Have successfully gotten latest Manjaro release working beautifully on other setups in past 24hrs (upgrade to Dell Optiplex, an old Acer netbook, and even my aging MacBookPro c. 2011), I cannot get my iMac’s internal PCI Broadcom BCM4364 to function on a fresh (external hard drive) install - i.e., it will not recognize its internal wifi.
[FWIW, despite what the inxi dump says below, it is not a laptop, it’s an iMac desktop (2019 or so)… in case that distinction matters?]
So far I’ve tried various fixes: installing broadcom-wl-dkms; trying linux515-rt-broadcom-wl with 5.15 kernel; even tried downgrading to kernel 5.10.83 in connection with older broadcom drivers at one point. Haven’t found a working combination just yet.
Any suggestions appreciated.
[BTW, I can’t get any audio on this iMac working either. “No output or input devices found” when I click on the Mute/Speaker icon in the tray.]
A couple of years ago I tried to get Linux running on various Apple hardware - maybe I didn’t have enough persistence - but I learned that I would never waste my time on a potential fruitless endeavour - and I would advise - if someone asked - don’t waste your time.
Of course you should do exactly what you like and think is fun. There is an article on Arch Wiki which states is is written for 20" and 24" iMac - maybe you can find help in it
I am also aware that earlier Apple hardware generally is easier to convert than newer Apple products.
As example of one of my attempts is my MacBook Pro 2017 (with touch bar) - which can be made to boot but requires external mouse and keyboard - and - at the time there was no working solutions for the touch bar - and working without function keys - is a tough challenge.
Another early attempt of mine was a iMac mini - but it turned out to be a 32-bit system - it was a pain to even boot a 32-bit Manjaro - yes - a long time ago.
Another attemp in the local community was a macBook Air - it was one of those systems where the newer macOS wouldnøt run so we tried to get Ubuntu running on it - without much success.
So I came to the conclusion - leave Apple products to run macOS - however if you have the persistence - like the urge to be challenged beyond your current knowledge - you have my utmost and sincere respect.
Kind of off-topic
Apple doesn’t like when other systems finds their way to Apple branded hardware - they have all sorts of protections to prevent booting unauthorized devices and even their macOS has built-in obstacles put in place to prevent the OS from being installed on non Apple branded hardware.
Every time something is circumvented by entreprenouros hackers - they put in another - it’s like decrapping windows 10 - then getting updated to win11 and finding Microsoft put in new phone-home addresses and domains - and new tracking systems to replace the circumventeded methods.
It is like Don Quixote figting windmills - you cannot win, you have lost your mind and die from fever.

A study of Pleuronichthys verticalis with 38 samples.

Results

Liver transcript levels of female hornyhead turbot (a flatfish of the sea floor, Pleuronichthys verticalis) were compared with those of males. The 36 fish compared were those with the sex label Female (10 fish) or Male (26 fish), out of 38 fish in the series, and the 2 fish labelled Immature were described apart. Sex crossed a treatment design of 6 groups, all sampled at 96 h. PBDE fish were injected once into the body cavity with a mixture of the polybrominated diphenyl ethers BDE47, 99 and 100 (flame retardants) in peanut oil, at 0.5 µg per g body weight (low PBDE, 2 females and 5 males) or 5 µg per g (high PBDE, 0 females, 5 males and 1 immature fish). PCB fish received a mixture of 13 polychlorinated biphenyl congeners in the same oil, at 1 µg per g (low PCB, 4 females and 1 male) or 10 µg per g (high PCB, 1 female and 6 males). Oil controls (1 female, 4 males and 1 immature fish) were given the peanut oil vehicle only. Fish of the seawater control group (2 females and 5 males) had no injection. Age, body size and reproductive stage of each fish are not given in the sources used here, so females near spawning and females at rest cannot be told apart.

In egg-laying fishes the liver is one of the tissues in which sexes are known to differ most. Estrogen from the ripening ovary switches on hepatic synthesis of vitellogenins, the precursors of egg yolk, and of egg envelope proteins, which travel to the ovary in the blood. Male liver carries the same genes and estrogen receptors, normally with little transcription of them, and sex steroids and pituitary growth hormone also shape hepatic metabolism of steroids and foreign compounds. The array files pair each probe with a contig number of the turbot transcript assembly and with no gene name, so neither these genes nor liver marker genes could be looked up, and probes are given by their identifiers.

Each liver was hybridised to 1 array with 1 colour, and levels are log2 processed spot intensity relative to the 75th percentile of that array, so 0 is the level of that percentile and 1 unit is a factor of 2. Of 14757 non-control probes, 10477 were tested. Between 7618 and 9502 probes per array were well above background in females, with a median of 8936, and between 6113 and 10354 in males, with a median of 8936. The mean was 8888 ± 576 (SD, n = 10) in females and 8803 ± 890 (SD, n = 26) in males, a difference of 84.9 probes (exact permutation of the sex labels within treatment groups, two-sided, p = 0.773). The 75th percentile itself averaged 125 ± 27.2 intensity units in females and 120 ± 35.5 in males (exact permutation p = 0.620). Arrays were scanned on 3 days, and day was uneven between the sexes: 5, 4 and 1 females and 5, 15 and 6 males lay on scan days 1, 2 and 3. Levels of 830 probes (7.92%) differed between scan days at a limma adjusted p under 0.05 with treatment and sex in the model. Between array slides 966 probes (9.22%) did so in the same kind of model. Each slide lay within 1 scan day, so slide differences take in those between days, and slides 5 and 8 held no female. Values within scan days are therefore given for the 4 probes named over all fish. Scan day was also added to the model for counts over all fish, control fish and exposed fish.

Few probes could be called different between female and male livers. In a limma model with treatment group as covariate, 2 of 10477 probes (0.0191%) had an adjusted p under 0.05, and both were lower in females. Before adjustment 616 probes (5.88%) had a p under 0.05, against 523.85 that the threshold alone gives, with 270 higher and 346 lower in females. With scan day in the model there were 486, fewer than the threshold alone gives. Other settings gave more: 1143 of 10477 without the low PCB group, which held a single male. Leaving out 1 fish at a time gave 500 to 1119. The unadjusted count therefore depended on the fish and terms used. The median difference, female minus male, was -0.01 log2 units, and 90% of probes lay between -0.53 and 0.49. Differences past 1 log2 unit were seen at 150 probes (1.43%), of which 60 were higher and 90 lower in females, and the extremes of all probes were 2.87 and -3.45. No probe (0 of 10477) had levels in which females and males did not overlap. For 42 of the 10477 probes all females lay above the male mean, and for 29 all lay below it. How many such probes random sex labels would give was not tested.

@linux-aarhus Thanks for the wise words, earned through experience.
“Experience” is that thing you needed just a few hours before you got it.
So I’ve tried repeatedly to get my 2019 iMac to behave nicely under even a clean Arch install using archfi/archdi scripts. It’s a mild form of success… still not really a terribly happy chunk of hardware - and still no wifi (nor sound). And the lush Retina screen is under-utilized at best.
On my 10 yr old MacBookPro, Manjaro runs like a dream. Far better than High Sierra OS which is the most current MacOS that Apple will provide (permit?) on this 2011 model.
As a result, I’ll be upgrading the RAM on the laptop to 16 gig, swapping out the original HD for a faster SSD, and replacing the battery. Probably change the carburetor and transmission fluid while I’m under the hood while considering snow tires.
I’ve also successfully deployed Manjaro on a MacMini of similar vintage (c. 2011) and a Dell Optiplex 710 (original Win10) - both of which run beautifully. A clean Arch install on an ancient underpowered Acer Netbook went smoothly too, but the CPU is so lame it’s hardly worth turning it on.
I guess since this iMac desktop is typically my daily driver, I’m okay leaving it as an “Apple” - but that’s not really my preference now that I see how delightful the Manjaro/Arch experience can be. Alas.
In short, based on this experience I now know that trying to convert Apple gear to Linux is fraught and has cost me 3-4 days I will never get back. Perhaps even more … once I forget what I’ve experienced and try again?
Though I only found mention of that resource on some other answer.
I have no idea whether thats a decent source.
Since you have the macOS you should be able to retrieve the firmware files directly from there.
(at which point just achieve placing them in the directory as shown in the second step above)
As a noob I have managed to get Manjaro to run on an 2008 imac, a modded 2009 mbp (still my daily driver) and a 2016 macbook air (redirected VM install to external SSD) which is used for video editing with DaVinciResolve.
There are some challenges, especially with the newer models, but “Arch Wiki linux on mac” has all the information that is needed for any particular hardware. If anyone has the chance to do a little research before purchasing a mac it should be quite painless.
… and being boneheaded this morning, I failed to use my special root powers With sudo I was indeed able to download/execute the file at the suggested link.
As it turns out, I now cannot even load Arch from its boot up partition anymore… now I get “[FAILED] Failed to start Load Kernel Modules.” message immediately after informing me of my /dev/sdb5; clean…" report.